Khodorkovsky's health 'satisfactory' on 8th day of hunger strike -2


CHITA, February 5 (RIA Novosti) - The health of jailed former Yukos CEO Mikhail Khodorkovsky, who is now in his eighth day of a hunger strike, is "satisfactory," a prison official said on Tuesday.

Khodorkovsky declared a hunger strike last week, demanding that Vasily Aleksanyan, a former colleague suffering from AIDS, receive medical treatment.

"Khodorkovsky undergoes medical examinations every day," prison warden Valery German said, adding that Khodorkovsky has not indicated how long he is prepared to hold out with no food.

The Simonovsky Court in Moscow will decide on Wednesday whether to suspend a hearing into Aleksanyan's case due to his reportedly worsening health. Neither the prosecution nor the defense objects to a suspension of the hearings. However, the prosecution insists on keeping him in custody while the defense is insisting on his release.

The court refused last week to release from custody former Yukos vice president Aleksanyan, diagnosed with both AIDS and cancer. Khodorkovsky has demanded that Aleksanyan be transferred to a medical facility for urgent treatment, and alleges that authorities are withholding treatment until Aleksanyan confesses to charges.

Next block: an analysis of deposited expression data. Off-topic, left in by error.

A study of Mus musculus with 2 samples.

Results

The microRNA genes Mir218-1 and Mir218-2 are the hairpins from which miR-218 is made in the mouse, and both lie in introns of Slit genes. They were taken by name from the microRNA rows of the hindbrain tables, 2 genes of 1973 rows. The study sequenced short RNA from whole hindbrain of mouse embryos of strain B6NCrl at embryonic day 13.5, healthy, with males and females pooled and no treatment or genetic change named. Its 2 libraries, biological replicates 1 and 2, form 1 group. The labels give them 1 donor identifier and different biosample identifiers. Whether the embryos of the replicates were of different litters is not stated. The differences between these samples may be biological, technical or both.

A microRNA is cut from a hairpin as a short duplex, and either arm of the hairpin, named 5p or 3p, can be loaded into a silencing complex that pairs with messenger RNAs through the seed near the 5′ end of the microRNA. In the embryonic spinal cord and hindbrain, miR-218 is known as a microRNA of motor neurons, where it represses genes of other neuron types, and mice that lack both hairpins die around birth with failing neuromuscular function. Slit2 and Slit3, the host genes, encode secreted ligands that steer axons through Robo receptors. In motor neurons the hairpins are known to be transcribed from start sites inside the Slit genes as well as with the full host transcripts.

Lawyers have repeatedly asked for hearings on Aleksanyan's case to be stopped and for him to be transferred to a medical facility for inpatient treatment. The former vice president of the now liquidated Russian oil company Yukos faces charges of embezzlement and money laundering.

Khodorkovsky is serving an eight-year prison term for fraud and tax evasion. He has consistently maintained his innocence calling the accusations politically motivated.

Once Russia's largest oil producer, Yukos collapsed after claims of tax evasion, which led to the company being broken up and sold off to meet debts. The bulk of its assets were subsequently bought by government-controlled oil company Rosneft.

Khodorkovsky's business partner Platon Lebedev, also serving his term for fraud and tax evasion, said Friday in a Chita court that he is ready to plead guilty to charges if it will help Aleksanyan.

The latest charges against Khodorkovsky and Lebedev, who were convicted in 2005, include stealing government shares, illegal oil trading, and laundering $25 billion earned from oil sales in 1998-2004. Both businessmen have denied the allegations, calling them politically motivated.